Farsons Brewery

Brewery: Farsons

As well as brewing the ever-present Cisk, Farsons - Malta's oldest and largest brewery -produces a fair variety of other, less lager-y beers for thirsty islanders.

The Farsons Family

Despite their flagship Cisk being a fairly standard European lager, the rest of their range has a lot more in common with the British beer tradition. This is perhaps unsurprising, given both the history of Malta as a Crown Colony and Farson's own history with Simond's Brewery, in Reading.

Green Hop IPA

Green Hop IPA is a 5.7% premium hoppy ale. In the glass, it has a deep golden colour that reminds me of a good scrumpy, along with a fine, fluffy and lingering head.

The nose has dark honeys and hints of earthy hops that wouldn't be out of place in a Kentish ale. In the mouth it's positively creamy; more honey mixed with a nice maltiness and backed up with a solid old-world hop bitterness.

It's very much the Old English version of an IPA; more of a premium bitter than a hop explosion. The 'green hop' monikor is confusing - it's not made with green (fresh, undried) hops, but rather keeping with the general house style of having each beer under a different label colour. Wildly different to what I was expecting but very drinkable.

Hopleaf Pale Ale

Next up, Hopleaf is a 3.8% pale ale which, despite being the lowest alochol beer in the range is sold in a small 250ml bottle instead of the 330ml used by the rest of the range.

A touch paler than the Green Hop IPA but still a nice rich gold in the glass; the head doesn't linger quite as well but still has that fine foamy texture.

The nose has a much hoppier profile; but still full of the leafy, earthy tones of English hops rather than the sweeter, more floral New World flavours we're used to when a beer declares itself "hoppy". Under those hops is a light grain aroma, rather than the more heavy handed sweet notes of the previous beer.

In the mouth, it's the same story - light, not too sweet with a nicely balanced bitterness from the hops. That combined with a perfect, gentle carbonation and it's a dangerously drinkable session ale. Thank the gods it's only 3.8%!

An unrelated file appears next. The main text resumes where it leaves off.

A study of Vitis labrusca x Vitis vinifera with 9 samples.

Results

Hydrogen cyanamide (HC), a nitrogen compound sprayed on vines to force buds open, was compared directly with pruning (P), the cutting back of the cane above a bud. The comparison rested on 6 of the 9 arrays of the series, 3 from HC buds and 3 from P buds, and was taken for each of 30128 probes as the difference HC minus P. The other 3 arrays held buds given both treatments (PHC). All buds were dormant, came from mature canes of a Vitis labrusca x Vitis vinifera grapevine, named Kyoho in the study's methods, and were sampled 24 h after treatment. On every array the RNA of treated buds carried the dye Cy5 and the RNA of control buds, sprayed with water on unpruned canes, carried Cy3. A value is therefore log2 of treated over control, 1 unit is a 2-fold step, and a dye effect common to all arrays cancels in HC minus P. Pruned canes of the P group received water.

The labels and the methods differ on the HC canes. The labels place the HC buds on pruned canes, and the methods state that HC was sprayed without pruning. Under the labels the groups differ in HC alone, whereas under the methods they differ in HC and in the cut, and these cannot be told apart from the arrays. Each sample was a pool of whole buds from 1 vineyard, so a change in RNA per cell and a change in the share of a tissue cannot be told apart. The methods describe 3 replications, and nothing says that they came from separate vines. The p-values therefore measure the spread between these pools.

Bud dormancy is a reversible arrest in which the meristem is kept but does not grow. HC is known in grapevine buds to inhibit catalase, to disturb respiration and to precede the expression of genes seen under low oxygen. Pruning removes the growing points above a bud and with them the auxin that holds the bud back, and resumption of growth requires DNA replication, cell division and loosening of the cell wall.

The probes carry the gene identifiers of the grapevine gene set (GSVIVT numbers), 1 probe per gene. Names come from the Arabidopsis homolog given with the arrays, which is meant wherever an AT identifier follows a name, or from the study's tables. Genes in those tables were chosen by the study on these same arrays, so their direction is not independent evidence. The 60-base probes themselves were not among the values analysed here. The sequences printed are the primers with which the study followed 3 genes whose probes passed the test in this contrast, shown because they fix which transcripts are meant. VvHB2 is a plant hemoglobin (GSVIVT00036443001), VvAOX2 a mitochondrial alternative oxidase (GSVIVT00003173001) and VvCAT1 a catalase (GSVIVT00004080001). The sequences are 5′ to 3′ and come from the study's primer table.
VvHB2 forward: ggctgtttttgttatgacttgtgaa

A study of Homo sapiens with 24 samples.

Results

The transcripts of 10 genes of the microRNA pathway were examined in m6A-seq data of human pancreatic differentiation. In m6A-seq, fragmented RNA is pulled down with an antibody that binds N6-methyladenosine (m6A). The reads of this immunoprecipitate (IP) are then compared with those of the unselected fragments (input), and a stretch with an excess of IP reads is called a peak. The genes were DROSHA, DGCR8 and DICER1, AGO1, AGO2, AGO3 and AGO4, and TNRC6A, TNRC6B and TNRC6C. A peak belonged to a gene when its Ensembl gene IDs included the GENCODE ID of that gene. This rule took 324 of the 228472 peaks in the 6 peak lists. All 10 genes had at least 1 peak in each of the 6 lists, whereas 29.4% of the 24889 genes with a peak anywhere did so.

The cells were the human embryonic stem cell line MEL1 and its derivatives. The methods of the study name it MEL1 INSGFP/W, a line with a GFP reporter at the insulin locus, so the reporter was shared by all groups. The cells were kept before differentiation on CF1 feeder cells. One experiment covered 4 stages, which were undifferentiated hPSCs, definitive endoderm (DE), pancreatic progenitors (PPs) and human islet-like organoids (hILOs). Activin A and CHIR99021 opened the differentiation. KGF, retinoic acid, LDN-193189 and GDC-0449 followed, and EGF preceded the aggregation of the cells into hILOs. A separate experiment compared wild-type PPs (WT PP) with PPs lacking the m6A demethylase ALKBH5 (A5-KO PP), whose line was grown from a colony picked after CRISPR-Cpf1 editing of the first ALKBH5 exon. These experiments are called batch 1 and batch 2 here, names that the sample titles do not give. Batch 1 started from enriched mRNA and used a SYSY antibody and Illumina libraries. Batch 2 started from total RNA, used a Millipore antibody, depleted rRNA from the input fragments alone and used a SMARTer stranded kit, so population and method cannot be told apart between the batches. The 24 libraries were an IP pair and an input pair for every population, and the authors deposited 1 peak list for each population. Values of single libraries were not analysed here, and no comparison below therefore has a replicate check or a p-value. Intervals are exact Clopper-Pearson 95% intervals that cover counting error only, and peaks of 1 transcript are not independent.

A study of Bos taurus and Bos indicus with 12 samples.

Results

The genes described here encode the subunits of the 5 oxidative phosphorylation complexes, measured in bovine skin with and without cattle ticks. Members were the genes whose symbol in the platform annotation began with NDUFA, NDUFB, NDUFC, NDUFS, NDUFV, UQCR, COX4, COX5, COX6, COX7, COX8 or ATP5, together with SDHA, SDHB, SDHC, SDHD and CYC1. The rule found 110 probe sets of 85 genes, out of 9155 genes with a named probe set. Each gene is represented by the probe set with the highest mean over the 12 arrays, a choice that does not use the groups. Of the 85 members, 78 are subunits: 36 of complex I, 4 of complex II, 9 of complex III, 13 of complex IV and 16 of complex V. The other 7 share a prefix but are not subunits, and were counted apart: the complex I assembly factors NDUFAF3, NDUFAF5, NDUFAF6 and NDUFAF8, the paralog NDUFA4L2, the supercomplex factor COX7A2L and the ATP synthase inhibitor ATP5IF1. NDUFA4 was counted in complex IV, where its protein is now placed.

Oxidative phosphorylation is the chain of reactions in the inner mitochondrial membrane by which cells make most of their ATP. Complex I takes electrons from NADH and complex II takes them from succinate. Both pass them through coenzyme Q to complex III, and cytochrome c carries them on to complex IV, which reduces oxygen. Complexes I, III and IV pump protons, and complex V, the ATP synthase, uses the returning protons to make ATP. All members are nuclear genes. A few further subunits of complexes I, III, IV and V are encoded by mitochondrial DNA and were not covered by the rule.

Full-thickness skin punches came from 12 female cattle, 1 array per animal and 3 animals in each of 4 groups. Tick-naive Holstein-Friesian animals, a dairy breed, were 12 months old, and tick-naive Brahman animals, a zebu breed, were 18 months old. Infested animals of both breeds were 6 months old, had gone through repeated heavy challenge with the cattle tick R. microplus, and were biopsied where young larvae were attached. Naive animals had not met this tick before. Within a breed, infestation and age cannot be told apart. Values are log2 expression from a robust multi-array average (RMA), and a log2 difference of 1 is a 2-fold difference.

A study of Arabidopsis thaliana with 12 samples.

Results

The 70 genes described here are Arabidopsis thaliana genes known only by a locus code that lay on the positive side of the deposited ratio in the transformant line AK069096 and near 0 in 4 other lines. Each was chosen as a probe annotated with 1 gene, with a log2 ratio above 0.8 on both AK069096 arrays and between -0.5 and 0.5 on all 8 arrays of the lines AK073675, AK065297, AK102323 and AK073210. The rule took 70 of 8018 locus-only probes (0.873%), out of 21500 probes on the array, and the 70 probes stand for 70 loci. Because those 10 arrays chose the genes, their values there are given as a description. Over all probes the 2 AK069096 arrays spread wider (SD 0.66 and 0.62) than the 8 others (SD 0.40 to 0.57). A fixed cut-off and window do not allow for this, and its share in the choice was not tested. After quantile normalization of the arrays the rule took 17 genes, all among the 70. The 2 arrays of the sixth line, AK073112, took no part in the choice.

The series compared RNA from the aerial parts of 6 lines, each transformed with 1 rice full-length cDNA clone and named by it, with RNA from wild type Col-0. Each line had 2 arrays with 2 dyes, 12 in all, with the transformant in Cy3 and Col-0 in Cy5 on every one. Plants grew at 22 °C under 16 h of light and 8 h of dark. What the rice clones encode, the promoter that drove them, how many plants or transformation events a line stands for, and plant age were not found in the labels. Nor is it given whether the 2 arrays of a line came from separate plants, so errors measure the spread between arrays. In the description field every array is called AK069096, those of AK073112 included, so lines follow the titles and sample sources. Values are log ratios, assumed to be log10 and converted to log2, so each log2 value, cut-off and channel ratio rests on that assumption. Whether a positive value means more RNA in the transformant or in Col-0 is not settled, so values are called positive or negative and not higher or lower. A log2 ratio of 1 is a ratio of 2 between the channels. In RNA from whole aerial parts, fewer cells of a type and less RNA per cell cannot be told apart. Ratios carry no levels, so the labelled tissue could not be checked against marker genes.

Blue Label Amber Ale

Blue Label is a 4.7% amber ale, here in a simple bottled form - in bars and even cans you're more likely to find it in a "smooth and creamy" nitrogen-dispensed style more associated with the likes of Guinness.

It's a deep copper colour, with a fine but fleeting head without the assistance of the widget. The nose is very biscuity, along with what I can only describe as a slightly metallic edge.

In the mouth, the first sip is a little bland if I'm completely honest. There's a nice foamy mouthfeel, with some red fruits lurking and an almost tannic dryness to balance that out. It's not a beer that cries out to me, but I find myself going back for sip after sip - not earth shattering, but very easy drinking.

Double Red Strong Ale

Double Red is a 6.8% strong ale; deep reddy copper in colour, with a lingering head and an impressive stream of rising bubbles. The nose is full of rich, red berries and a definite hint of that alcohol strength.

It's rich and fruity in the mouth too; like a boozy christmas pudding - succulent dark fruits, and a wonderful alcohol heat that lingers wonderfully after you swallow, and leads you to another mouthful. Dangerously delicious.

Lacto Milk Stout

Lastly, Lacto is a 3.8% milk stout - a beer style I so rarely see overseas. It's almost black in the glass, with only a fleeting head in evidence. The nose has a touch of sweetness, and that 'burnt coffee grounds' aroma of black malt.

In the mouth, it's got that astringency of a good stout; close-to-burnt grains, with a satisfyingly bitter finish. What I'm not getting is the gentle sweetness or creaminess that you might expect from the milk; it's a perfectly nice stout, but it's not quite hitting the promise on the bottle.

Overall, this is an interesting collection of beers; mostly very drinkable, and a very respectable range of styles represented.

This review was originally published 20th June, 2024. It was last updated 20th June, 2024.